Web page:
Op-Ed – Conservative pens online poker

Posted by Steve Ruddock on Jan 15, 2011 Posted in Op-Ed | No Comments »

When you think about conservative pundits and commentators you usually don’t think they will be strong advocates of legalizing and regulating the online poker industry considering a strong percentage of the conservative base is vehemently opposed to gambling of any kind, but this is precisely what conservative commentator Michelle Minton has become. Minton wrote a second op-ed piece for the Washington Times on Wednesday, urging Congress to take action on online poker.

Minton is no stranger to online poker enthusiasts as she has written extensively about the topic for many poker media outlets, but since the mainstream media picked up the issue –thank you Harry Reid—Minton has been getting her pro-online poker message out to a wider audience, and her conservative roots allow her to speak to a crowd that would typically tune-out any gambling speech, regardless of the coherency of the argument.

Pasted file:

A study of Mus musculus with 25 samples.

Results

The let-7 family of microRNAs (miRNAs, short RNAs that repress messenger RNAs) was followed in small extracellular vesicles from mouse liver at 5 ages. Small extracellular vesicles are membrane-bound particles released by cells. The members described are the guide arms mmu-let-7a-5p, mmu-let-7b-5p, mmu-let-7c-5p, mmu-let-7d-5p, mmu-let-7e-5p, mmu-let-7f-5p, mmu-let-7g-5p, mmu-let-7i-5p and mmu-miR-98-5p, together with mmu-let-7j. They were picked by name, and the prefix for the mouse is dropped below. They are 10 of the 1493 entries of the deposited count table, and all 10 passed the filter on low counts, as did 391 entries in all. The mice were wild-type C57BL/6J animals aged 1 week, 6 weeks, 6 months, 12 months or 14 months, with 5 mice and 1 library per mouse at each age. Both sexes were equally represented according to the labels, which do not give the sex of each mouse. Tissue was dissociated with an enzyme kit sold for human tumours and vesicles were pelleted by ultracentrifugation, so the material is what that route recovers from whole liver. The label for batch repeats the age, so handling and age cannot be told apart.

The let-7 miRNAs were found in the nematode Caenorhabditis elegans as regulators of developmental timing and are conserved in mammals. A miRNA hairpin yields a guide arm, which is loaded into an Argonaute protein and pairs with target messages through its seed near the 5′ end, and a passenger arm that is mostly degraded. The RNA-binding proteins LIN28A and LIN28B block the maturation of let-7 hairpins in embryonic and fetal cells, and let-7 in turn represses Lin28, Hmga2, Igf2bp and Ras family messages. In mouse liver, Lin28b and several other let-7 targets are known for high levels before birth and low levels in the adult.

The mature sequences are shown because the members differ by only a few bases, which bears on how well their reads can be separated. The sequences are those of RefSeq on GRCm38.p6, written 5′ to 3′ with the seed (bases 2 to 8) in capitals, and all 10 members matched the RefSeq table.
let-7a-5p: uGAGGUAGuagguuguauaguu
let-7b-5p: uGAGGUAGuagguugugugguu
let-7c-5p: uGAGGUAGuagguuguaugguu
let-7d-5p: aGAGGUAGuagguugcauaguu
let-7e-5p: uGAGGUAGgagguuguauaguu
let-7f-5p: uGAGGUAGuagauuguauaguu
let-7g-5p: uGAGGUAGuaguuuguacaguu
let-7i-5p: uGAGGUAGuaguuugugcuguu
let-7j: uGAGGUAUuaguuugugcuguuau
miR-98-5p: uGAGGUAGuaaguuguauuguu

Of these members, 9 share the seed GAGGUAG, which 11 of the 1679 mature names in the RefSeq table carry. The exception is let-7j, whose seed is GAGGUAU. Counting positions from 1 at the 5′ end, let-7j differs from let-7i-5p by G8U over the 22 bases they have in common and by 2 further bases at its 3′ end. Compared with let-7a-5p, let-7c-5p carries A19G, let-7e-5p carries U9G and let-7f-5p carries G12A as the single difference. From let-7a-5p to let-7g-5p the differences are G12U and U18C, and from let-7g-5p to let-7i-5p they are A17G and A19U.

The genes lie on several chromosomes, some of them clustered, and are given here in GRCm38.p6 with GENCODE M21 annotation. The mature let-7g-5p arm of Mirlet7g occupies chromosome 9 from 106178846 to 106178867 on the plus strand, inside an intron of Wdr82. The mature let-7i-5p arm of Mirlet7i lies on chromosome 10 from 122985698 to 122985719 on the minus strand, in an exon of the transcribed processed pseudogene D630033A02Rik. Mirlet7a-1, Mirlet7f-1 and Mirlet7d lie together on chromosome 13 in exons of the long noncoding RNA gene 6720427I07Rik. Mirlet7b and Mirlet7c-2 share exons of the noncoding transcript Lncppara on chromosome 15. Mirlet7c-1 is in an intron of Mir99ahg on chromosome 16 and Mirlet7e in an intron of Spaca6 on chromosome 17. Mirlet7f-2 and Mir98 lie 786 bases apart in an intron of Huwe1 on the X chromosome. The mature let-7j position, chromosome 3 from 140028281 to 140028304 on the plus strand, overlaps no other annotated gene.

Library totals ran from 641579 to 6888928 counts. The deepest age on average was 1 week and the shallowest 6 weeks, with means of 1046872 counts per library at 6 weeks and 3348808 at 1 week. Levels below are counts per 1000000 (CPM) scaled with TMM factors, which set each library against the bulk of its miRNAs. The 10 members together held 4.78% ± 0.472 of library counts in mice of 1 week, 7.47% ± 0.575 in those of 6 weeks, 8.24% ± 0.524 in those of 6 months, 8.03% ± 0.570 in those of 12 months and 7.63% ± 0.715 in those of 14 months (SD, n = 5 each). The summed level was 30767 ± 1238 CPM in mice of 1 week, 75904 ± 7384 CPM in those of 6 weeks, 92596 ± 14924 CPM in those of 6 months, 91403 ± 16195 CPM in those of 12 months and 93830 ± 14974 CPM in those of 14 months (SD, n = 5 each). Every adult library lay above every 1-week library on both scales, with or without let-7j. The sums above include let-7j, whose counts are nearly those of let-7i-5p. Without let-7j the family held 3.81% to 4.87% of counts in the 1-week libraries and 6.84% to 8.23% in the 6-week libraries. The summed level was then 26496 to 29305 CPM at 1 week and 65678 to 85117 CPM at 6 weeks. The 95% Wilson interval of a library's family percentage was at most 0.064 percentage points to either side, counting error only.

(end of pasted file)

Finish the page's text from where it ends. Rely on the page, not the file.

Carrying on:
Unlike her first op-ed that appeared in Forbes back during the online poker debate that was taking place in December, this time around Minton foregoes the constitutional and financial reasons for legalizing the industry, and instead focuses on the faces of the online poker world. Minton does an excellent job of debunking the myth that online poker players are lazy do-nothings, degenerate gamblers, and college kids; instead Minton describes four avid online poker players and their reasons for participating in the game.

Painting the face of online poker in terms of a former Peace Corps worker who was unable to find work; a disabled women who uses the $75 or so she makes each month by playing micro-stakes poker to help with her prescription costs; a student who has paid for his tuition through online poker; and a family man who plays poker at night simply as a part-time job.

All too often we hear the professional poker players’ side of the story, and how important online poker is to their livelihood, but lost in the shuffle are the stories like the ones Minton outlines, of people who may not rely on poker as their sole means of sustenance, but have been able to dramatically improve their quality of living through online poker.

Minton is able to make the political argument for online poker legislation in a clear concise way, producing talking points we should all echo, and in addition to these excellent points about added revenue and liberties, it’s also important that we look at all people affected by the current online poker climate, and not focus on the people who are most affected.